How Smoking Affects Your Teeth and Oral Health
Do you or a loved one smoke cigarettes? If you’re looking for one more reason to quit, consider that tobacco use in any form raises your risk for oral health problems. Here are the issues associated with smoking cigarettes, cigars, and pipes or using smokeless tobacco:
- Gum disease: Also called periodontal disease, gum disease is an infection that causes red, swollen, tender, and bleeding gums. Smoking increases your risk of gum disease by weakening your immune system, which makes your body less capable of fighting off infection. In fact, smokers are twice as likely as nonsmokers to contract gum disease. The greater your tobacco use, the higher your risk.
- Tooth loss: As gum disease progresses, it eventually affects the underlying bone structure that anchors your teeth to your jaw. If the bone and tissue that hold your teeth in place break down, your teeth may loosen and need to be extracted.
- Plaque and tartar buildup: The chemicals in tobacco products decrease saliva flow, making it easier for bacteria to cling to your teeth and gums. If not removed daily with diligent brushing and flossing, plaque hardens into tartar, a cavity-causing, tooth-staining substance that can only be removed with professional cleaning.
- Cancer: Besides lung cancer, smoking can also cause cancer of the lips, mouth, throat, tonsils, and esophagus. The risk is six times higher among smokers. In fact, 90 percent of patients diagnosed with these oral cancers are tobacco users.
- Delayed healing: The reduced immune function caused by smoking impairs blood flow to the gums, making it harder for your mouth to heal following a tooth extraction, periodontal treatment, or oral surgery.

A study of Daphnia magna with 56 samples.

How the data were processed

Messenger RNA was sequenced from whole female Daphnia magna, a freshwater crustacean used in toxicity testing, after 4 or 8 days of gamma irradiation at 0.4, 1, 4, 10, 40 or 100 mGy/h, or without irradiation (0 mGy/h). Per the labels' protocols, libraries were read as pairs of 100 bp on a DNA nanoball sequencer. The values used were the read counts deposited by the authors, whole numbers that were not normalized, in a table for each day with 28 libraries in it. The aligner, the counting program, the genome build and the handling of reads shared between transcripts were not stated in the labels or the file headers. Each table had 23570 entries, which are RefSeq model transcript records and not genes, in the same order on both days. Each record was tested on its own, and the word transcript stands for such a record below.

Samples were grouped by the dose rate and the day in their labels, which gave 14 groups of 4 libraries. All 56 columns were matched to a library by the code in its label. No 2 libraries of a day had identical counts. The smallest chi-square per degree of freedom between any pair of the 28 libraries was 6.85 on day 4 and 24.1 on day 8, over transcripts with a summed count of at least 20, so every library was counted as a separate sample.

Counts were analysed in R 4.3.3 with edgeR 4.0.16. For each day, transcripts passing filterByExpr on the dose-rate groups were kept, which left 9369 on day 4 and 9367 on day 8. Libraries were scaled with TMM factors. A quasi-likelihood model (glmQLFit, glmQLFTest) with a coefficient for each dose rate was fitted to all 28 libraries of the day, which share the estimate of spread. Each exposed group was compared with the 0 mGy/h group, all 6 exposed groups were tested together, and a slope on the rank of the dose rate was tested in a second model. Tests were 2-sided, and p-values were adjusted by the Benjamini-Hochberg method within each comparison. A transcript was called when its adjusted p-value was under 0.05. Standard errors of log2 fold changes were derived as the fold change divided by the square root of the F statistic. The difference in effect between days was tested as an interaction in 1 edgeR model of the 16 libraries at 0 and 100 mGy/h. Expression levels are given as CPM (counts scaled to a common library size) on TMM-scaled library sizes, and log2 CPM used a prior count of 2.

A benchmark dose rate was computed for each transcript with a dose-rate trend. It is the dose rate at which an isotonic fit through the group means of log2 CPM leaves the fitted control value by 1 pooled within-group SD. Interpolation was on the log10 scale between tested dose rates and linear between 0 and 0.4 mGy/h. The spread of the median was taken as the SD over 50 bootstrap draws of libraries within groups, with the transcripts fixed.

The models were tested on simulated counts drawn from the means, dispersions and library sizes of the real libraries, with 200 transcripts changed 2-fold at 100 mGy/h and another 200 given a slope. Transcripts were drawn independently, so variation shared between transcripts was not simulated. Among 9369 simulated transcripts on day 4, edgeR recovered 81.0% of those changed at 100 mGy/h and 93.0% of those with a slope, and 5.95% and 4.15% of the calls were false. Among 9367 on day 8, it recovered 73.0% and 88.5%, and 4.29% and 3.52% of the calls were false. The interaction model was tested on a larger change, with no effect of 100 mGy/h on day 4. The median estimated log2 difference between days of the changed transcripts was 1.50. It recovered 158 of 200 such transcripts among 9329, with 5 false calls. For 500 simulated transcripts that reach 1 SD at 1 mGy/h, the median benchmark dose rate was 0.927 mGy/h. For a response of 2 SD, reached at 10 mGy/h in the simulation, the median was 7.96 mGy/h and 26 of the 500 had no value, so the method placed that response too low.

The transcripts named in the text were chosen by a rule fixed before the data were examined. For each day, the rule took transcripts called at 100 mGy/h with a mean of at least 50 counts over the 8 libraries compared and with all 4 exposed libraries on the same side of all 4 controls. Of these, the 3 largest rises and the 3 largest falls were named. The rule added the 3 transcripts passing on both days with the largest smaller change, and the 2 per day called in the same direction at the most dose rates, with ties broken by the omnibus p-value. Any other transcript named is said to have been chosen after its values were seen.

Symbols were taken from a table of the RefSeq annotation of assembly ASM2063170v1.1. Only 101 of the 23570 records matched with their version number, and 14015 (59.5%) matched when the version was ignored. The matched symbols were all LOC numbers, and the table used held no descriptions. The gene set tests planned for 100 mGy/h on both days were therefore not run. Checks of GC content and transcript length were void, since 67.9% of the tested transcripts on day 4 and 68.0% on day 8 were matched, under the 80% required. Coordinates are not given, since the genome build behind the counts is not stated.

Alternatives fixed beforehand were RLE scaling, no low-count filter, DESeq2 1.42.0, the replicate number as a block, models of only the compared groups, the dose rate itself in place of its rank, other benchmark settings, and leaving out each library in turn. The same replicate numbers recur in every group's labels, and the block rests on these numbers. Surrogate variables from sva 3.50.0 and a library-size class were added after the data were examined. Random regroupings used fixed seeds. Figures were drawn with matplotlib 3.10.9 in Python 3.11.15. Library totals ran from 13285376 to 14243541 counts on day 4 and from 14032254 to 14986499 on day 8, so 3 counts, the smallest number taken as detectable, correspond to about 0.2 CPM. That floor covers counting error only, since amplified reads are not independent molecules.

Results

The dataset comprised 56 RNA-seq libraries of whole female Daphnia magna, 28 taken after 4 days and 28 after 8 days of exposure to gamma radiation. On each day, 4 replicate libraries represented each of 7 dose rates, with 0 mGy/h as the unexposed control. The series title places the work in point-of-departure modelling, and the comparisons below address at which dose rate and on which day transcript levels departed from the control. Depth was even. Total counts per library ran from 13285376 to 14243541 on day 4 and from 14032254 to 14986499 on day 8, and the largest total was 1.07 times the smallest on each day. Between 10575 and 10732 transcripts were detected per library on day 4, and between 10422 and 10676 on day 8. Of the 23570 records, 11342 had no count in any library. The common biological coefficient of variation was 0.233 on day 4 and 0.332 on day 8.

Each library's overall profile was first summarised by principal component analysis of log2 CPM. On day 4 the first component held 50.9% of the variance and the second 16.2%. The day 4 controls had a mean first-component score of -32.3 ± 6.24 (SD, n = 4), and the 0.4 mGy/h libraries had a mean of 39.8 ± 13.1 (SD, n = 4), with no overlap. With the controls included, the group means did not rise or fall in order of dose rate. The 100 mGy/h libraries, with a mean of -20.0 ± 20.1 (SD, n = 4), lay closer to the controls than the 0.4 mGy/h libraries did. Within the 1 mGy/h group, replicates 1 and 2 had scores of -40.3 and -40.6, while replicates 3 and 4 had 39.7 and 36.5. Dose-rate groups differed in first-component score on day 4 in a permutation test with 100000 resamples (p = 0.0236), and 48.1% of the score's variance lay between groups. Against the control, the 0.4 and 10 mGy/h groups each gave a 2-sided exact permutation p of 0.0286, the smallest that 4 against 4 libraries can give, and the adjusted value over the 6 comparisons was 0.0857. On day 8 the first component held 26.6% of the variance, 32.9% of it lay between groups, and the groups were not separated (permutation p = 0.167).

- Tooth discoloration: Stained, yellow teeth are a hallmark of smoking. Whitening products can sometimes counteract the effects temporarily, but the stains quickly return.
- Bad breath: Smoking leaves a stale film on your teeth and gums, resulting in “smoker’s breath.” You may be able to mask the odor with a mint for a short time, but the smell will return before long.
- Inflammation: Smoking triggers an immune response that increases the level of inflammatory markers in the bloodstream. This may increase inflammation throughout the body, including at the salivary gland openings and on the roof of your mouth.
- Darkened gums: Smoker’s melanosis, or a darkening of the gum tissue, is one response to irritating tobacco smoke. Up to 22 percent of cigarette and pipe smokers develop this oral change. There is no treatment, but the gums typically return to normal within six to 36 months of quitting.
Clearly, if you want to improve your oral health, kicking the tobacco habit is a great place to start. Your dentist can recommend useful products to help you quit, such as nicotine gum and patches. You can also pursue treatments to reverse the damage caused by smoking. For more useful tips, or to schedule an appointment with our NYC dentist, please contact Park 56 Dental online or call us at (212) 826-2322.